Emanuel Paul was a traditional jazz and brass band saxophonist and multi-instrumentalist from New Orleans.

Emanuel Paul

Courtesy of Louisiana State Museum

Percy Humphrey, Willie Humphrey, Albert Warner, and Emanuel Paul. Bennett, Charles F. (Photographer)

Emanuel Paul was a traditional jazz and brass band saxophonist and multi-instrumentalist from New Orleans. Paul is most closely associated with both the Eureka Brass Band and Kid Howard, with whom he would play as a regular member for many years. Along with many other saxophone players who came before him, Paul played a role in encouraging the introduction and acceptance of the saxophone into the New Orleans jazz tradition. Paul is featured in the 1955 film Cinerama Holiday, in which he appears with Papa Celestin at the Old Absinthe House in New Orleans. According to Larry Borenstein and William Russell’s Preservation Hall Portraits, Paul’s solo on the “Westlawn” dirge was one of the most beautiful passages to be heard in a New Orleans jazz funeral at that time.

Paul was born on February 2, 1904, in the Carrollton section of New Orleans. Paul’s first name appears in historical accounts in several different forms, including Emmanuel, Manuel, or Manny. Paul did not begin playing an instrument until age seventeen or eighteen, when he started playing violin in a Broadway Baptist Church youth band. The pastor helped members acquire instruments and arranged tutoring by professional music teachers. Paul taught himself the banjo as well, in order to get more jobs playing for dance gigs. His cousin, James Paul, organized an ensemble that included James on piano and Emanuel on banjo; this group would perform together until 1933. Paul took banjo instruction from Willie Foster in the 1930s (and perhaps later). During this time, Paul also worked at a bank, and like so many other artists of that time, he would be forced to take other odd jobs during the Depression and World War II.

In 1932 and 1933 Paul could be found on clarinet with the George Williams Brass Band. In 1935 Paul played in the Federal Emergency Relief Administration band led by Louis Dumaine, and from 1936 to 1938 he played soprano saxophone in the Works Progress Administration band. Paul purchased an alto sax in 1938 and joined Henry Harding’s ten-piece band. Though he would spend time on guitar as well, the saxophone would become his primary instrument after the Depression. After performing in a trio with the banjoist Albert French and drummer Sam Mossey, Paul joined John Robichaux’s group, with whom he would play through the end of the 1930s. He would switch to tenor sax in 1940.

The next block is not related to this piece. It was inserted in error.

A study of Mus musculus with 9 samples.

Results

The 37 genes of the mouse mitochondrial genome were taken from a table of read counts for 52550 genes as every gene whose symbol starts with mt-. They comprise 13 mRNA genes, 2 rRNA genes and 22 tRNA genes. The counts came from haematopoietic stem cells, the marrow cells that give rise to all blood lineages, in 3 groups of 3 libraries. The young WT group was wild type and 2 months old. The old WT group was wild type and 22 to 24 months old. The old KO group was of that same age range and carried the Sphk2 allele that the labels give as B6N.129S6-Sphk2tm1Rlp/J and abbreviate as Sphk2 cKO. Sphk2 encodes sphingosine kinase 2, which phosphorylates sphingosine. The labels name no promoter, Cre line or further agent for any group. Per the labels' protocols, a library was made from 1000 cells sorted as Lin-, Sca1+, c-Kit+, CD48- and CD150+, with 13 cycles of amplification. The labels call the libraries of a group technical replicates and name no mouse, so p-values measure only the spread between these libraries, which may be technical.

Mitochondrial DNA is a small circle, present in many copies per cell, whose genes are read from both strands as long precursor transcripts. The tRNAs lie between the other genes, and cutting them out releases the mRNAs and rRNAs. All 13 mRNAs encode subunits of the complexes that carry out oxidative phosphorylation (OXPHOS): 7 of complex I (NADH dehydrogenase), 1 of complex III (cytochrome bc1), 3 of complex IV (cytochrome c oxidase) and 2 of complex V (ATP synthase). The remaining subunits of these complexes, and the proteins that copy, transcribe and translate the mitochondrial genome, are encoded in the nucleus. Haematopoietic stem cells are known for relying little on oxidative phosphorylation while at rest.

Around 1940 Paul joined Dominique “T-Boy” Remy’s band, and it was through this group that Paul would come to join the Eureka Brass Band in 1945. Paul was a regular member of Eureka for many years, and often the sound of his tenor sax was used in place of the usual baritone horn. Bill Russell, co-founder of the Hogan Jazz Archive at Tulane University, described Paul as playing tenor sax like a bass or trombone. Paul had begun playing with Kid Thomas in 1943, a musical partnership that would remain strong throughout his career. Over the next decade he recorded a number of times, including with Eureka on the Pax label in 1951 and with Celestin in 1953.

After the opening of Preservation Hall in 1961, Paul became a regular performer at the venue, most often with Kid Thomas’s Algiers Stompers. Paul also recorded a number of times with Thomas, and in the mid-1960s toured Europe and recorded two albums for the European Jazz Macon Club label. These recordings featured Thomas, George Lewis, Butch Thompson, and many other jazz talents. In his oral history interview from April 19, 1960, Paul stated that even though he was a saxophonist, he saw himself as part of the “rhythm section,” a valuable insight into an important aspect of his playing style and aesthetic.

Paul died on May 23, 1988, in New Orleans.